Early Learning Advisory Council Representative, Chelle Downey Magee, attended this first “in-person” ELAC meeting of the calendar year and reports that is was well-attended with an agenda that was quite full!  Read her summary report below:

Negotiated Rule Making Update

Luba Bezborodnikova, Assistant Director for the Early Start Act at DEL expressed “tremendous gratitude” to all those involved in the negotiated rule making process. Over the past 10 months the group has spent 220.5 hours meeting together (on weekends) to align content and assign weighting to standards in the section of the Washington Administrative Code (WAC) having to do with Family Home and Child Care Centers. In addition, these meetings were open to the public, and public comment was taken through the DEL website. As of this meeting, consensus had been reached on 110 of 116 topics, on both content and weighting. Six are tabled. Luba described the process, “it’s been very painful, different perspectives, different interests,” but children remain the focus.

In May the revised WACs will be released for a period of public comment. Communication and training on the new WACs begins in August 2018, and enforcement begins in August 2019. Licensors as well as support and providers will be trained on the new rules, which are more concrete and more enforceable. The majority of the WACs stayed the same, although the organization and language may have changed. The goal is to help providers be successful in transition to the new rules. For additional information: https://del.wa.gov/government/standards-alignment

Department of Children, Youth and Families Office of Innovation, Alignment and Accountability Work

Vickie Ybarra, Director of Research and Policy at the Department of Children, Youth and Families (DCYF) provided an update on the formation and goals of the new department. At the moment, staff and funds are directed towards merging the back-office functions (HR, IT, finance) of the three departments that are merging to form DCYF. As part of the creation of this department they’re creating new Child Outcome Goals, with lots of opportunity for public input; the goals must be broad enough to encompass all that the new department wants to accomplish, yet detailed enough to measure at the local level and by subpopulation. Vickie stated, “How we set up outcomes is how we talk about kids.” Decisions about programs for children, both the effectiveness and expense, will rely on data-informed evidence to inform practice to get to the goals. For additional information regarding the Office of Innovation, Alignment and Accountability: https://www.dcyf.wa.gov/oiaa.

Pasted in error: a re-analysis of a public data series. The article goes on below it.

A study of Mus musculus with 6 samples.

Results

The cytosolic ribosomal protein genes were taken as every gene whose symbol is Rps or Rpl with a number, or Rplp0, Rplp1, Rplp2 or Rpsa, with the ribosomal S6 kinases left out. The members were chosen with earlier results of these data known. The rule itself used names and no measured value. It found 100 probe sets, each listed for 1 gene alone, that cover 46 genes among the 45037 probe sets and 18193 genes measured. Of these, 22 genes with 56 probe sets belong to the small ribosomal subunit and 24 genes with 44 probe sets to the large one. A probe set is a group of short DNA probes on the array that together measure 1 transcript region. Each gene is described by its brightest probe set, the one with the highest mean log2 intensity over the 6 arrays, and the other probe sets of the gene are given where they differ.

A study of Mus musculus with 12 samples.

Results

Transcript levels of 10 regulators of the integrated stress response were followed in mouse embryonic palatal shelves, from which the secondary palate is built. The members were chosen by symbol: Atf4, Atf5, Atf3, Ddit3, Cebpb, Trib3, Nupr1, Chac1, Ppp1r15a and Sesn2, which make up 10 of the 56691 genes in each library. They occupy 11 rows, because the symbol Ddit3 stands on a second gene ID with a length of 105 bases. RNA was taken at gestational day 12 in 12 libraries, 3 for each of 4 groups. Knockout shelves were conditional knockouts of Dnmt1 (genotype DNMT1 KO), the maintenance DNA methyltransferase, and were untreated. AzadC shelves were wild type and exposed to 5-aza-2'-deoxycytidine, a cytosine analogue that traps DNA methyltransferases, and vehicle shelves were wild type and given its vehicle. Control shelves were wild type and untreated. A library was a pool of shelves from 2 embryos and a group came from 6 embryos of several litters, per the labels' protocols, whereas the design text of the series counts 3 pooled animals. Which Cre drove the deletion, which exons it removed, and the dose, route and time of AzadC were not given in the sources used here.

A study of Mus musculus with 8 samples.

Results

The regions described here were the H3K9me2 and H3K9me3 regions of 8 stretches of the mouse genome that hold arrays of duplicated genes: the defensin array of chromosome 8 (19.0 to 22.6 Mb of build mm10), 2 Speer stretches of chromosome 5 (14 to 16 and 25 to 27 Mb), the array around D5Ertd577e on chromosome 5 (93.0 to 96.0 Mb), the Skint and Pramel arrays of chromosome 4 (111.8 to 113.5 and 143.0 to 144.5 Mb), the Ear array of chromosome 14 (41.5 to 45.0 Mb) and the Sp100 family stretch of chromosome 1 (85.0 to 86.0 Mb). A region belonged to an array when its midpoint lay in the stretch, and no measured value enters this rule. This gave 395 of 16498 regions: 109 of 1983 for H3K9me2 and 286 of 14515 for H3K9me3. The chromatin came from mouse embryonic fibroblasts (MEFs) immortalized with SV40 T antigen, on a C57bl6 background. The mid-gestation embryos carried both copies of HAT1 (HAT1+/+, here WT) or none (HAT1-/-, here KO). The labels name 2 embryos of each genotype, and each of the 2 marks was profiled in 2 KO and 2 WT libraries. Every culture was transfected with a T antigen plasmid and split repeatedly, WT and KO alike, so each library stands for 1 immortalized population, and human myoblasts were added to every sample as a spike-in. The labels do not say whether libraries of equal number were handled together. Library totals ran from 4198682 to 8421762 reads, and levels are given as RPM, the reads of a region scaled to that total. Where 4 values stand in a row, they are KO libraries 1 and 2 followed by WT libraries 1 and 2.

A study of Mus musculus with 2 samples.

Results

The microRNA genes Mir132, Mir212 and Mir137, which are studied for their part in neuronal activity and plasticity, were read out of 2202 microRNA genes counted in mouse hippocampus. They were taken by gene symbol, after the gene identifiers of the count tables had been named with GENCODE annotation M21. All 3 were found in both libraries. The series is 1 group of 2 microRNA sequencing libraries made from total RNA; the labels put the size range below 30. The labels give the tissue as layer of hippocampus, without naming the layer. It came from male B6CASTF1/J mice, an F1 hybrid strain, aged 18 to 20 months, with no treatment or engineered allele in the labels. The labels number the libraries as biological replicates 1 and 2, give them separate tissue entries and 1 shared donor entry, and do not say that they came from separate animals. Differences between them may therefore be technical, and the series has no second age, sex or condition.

2018 ELAC Work Plan

Looking ahead at the remainder of the year, ELAC gets to spend time considering agency request legislation, Early Achievers, Working Connections Child Care, Consolidate Birth-to-Three Strategies and Family, Friend and Neighbor Care. We’ll also receive updates on DCYF and ECEAP.

2018 Child Care Development Fund Plan

Matt Judge, Child Care Administrator with DEL, presented the 2018 Child Care Development Fund (CCDF) Plan. The CCDF is a primary source of US federal funding for child-care subsidies for low-income working families and funds to improve child care quality. This plan is viewed as a way to make progress in policies serving communities of color. Public meetings are being held prior to the submission of the plan on July 1. For additional information: https://del.wa.gov/government/child-care-and-development-fund and https://del.wa.gov/sites/default/files/public/Partnerships/ELAC1/040318/CCDF_Flyer_English.pdf

Policy Development and Review

Frank Ordway, Director of Government and Community Affairs at DCYF, started out by saying that the 2018 legislative session wrapped up on time—it was a supplemental session that operated like one should. Bipartisan work on early learning continues. Home visiting has come a long way, evidence continues to show its effectiveness. Working Connections serves 50,000 children each day; its operations will be consolidated under DCYF. Legislation passed to create a trauma-informed care plan for the state, but not a lot of money was attached.

Of great interest, DCYF has been asked by Governor Inslee to explore universal PreK, with more slots and more services. Lots of ideas are floating around about what that should look like—everything from ECEAP for everyone to PreK classrooms at public schools. The proposal needs to be submitted by the end of June, so as to be ready in August when requests and legislative budgets are due.

DCYF is standing up a new time and attendance system this summer. It’s a big deal because it involves every provider that takes subsidy in the state. Other states have found tens of thousand of dollars in savings after implementing similar systems.

It seems that the budget in 2019 will be stable. In the session people are moving in and out of leadership, the new ones will need to be educated. The big themes in the session are transparency, family focus and equity.